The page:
The growth and dynamics of epithelial cell sheets and self-assembly of cells into tissues play a central role in morphogenesis, tissue renewal and tumour growth. Alongside experimental approaches, mathematical models offer a useful tool for investigating these processes. I use a variety of modelling approaches to address questions in this area, from compartment models to individual cell-based and multiscale models. Below I summarise some of my major research strands to date.
Tissue self-renewal and carcinogenesis in the intestinal epithelium
In normal adult epithelial tissues, cell production, migration and death are tightly regulated by subcellular and long-range signalling, the disruption of which by sporadic mutants is the cause of over 80% of cancers.
Modelling can help provide insight into these processes.
A particularly important epithelium is that of the intestine, which is folded to form invaginations called crypts and (in the small intestine) protrusions called villi.
Using mouse models of colorectal cancer for parameterization, I have developed a multiscale model of a crypt .
This couples a stochastic description of cell proliferation with an individual-based model of cell movement, comprising a large nonlinear ODE system.
Taking account of the crypt's curved geometry, I simulated the process of monoclonal conversion, where the progeny of one cell takes over the entire crypt, facilitating the spread of mutations .
Comparison with a classical Moran model highlighted the significant effect of the crypt's spatial structure on monoclonal conversion times.
I have since extended this model to study the disruption of crypt dynamics due to altered proliferation and adhesion .
Varying the mutant 'phenotype' revealed a strong dependence of probability of mutant monoclonal conversion on dysregulation of cell adhesion, and provided strong evidence for the 'bottom-up' theory of crypt invasion.
My model also suggested that the 'wiggles' in the width of a clonal ribbon represents a temporal record of that clone's stem cell population dynamics.
This observation has been applied to human histological data, enabling us to infer, for the first time, the quantitative dynamics of human intestinal stem cells .
Tissue size control in the developing embryo
In the embryo, a 'symphony' of signals regulates the growth of epithelial tissues to ensure the correct overall size, while the coordinated movement of individual cells allows epithelial tissues to fold from flat sheets into complex three-dimensional structures.
We lack a quantitative understanding of how cells incorporate external inputs from their surroundings to execute these developmental processes.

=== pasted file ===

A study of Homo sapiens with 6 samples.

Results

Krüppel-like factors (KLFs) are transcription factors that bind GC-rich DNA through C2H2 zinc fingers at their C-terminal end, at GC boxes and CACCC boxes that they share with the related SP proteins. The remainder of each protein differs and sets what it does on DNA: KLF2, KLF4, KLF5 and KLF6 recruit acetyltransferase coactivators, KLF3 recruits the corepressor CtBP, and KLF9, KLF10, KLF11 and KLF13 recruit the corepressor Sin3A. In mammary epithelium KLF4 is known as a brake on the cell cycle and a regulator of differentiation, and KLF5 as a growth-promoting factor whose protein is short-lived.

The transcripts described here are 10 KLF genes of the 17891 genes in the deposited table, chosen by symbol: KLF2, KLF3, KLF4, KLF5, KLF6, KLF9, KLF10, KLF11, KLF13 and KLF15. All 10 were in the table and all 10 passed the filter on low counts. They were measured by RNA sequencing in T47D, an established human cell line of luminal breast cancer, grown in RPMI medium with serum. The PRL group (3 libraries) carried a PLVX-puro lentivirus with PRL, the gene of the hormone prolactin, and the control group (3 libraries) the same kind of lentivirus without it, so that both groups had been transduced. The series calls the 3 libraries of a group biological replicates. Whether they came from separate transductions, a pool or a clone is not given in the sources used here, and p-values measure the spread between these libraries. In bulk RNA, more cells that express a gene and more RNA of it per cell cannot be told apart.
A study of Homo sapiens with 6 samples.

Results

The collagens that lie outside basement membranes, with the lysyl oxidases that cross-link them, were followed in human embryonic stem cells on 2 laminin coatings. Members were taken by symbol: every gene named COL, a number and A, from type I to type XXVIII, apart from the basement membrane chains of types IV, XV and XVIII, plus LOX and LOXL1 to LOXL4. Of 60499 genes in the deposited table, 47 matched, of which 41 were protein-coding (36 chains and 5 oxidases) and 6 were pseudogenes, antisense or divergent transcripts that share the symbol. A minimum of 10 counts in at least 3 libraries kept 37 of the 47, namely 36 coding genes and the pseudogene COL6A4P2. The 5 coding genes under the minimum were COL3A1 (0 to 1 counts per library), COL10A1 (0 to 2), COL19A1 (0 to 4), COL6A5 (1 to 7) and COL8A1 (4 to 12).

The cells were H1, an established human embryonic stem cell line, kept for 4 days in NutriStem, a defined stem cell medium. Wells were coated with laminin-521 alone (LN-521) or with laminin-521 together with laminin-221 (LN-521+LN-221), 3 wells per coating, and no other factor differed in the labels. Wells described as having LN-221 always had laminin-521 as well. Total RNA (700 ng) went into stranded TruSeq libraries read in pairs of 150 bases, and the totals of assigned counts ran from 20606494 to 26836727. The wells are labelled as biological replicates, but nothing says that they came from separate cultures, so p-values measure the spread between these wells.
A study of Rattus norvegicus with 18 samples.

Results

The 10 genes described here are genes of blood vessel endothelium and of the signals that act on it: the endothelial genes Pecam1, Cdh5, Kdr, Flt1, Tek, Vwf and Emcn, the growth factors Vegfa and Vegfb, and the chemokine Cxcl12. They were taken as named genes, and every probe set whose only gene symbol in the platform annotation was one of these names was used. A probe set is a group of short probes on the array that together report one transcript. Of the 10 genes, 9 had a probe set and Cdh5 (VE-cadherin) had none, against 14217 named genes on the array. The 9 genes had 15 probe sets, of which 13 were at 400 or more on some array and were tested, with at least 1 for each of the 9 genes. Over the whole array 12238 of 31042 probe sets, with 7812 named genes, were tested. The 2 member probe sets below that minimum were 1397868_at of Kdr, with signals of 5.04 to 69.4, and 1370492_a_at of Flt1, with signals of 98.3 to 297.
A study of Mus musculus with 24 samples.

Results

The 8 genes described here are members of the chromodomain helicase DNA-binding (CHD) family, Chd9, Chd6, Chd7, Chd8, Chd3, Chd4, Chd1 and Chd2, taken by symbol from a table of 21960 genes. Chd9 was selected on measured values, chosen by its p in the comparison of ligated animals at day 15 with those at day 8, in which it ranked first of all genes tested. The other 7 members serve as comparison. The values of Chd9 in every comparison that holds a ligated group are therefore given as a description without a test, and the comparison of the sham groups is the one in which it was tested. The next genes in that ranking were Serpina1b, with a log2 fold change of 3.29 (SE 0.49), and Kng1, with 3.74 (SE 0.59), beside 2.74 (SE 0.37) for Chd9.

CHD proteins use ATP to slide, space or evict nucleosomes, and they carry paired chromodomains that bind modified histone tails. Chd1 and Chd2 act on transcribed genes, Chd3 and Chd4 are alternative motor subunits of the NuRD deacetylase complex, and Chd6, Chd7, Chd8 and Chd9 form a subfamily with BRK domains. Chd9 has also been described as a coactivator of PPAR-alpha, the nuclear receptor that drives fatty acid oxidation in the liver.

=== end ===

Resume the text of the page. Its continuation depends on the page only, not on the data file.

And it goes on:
This has implications for tissue engineering, cancer treatment and regenerative therapies.
Models help provide insight into these processes through the connection of multiple levels of description, from gene regulation to pattern formation and tissue deformation.
Guided by molecular and live-imaging data in the fruit fly Drosophila from my experimental collaborators, I have created a computational modelling framework for developing epithelia based on the movement of cell junctions or vertices in a flat sheet .
In such vertex models , a first-order stochastic differential equation describes the overdamped movement of each vertex in response to nonlinear forces due to interfacial tension and other processes.
Rules for cell rearrangements, proliferation and death are specified according to hypothesised mechanisms relating morphogen (diffusible chemical signal) levels and mechanical feedback to apoptosis (programmed cell death) and cell dynamics.
Applications of this work include the role of cell competition in tissue size control .
Chaste: a consistent computational framework for multiscale modelling of cell populations
There is a variety of individual-based and multiscale modelling frameworks for the spatiotemporal dynamics of cell populations.
Which model is best suited to a given problem remains an open question.
It is often impossible to distinguish between differences in model behaviour that are due to underlying assumptions, and those due to differences in the in silico implementation of the model.
To address this issue I am a lead developer in the cell-based arm of Chaste, an extensible simulation framework [2, 10].
To support my research, I have created open source implementations of modelling approaches ranging from cellular automata and the cellular Potts model to off-lattice vertex models and subcellular element models.
Chaste allows for the comparison of competing mathematical modelling paradigms within a consistent computational framework, so that one can be sure that any differences in the results are due to differences in the mathematics, rather than differences in their instantiation and numerical solution in the software implementation.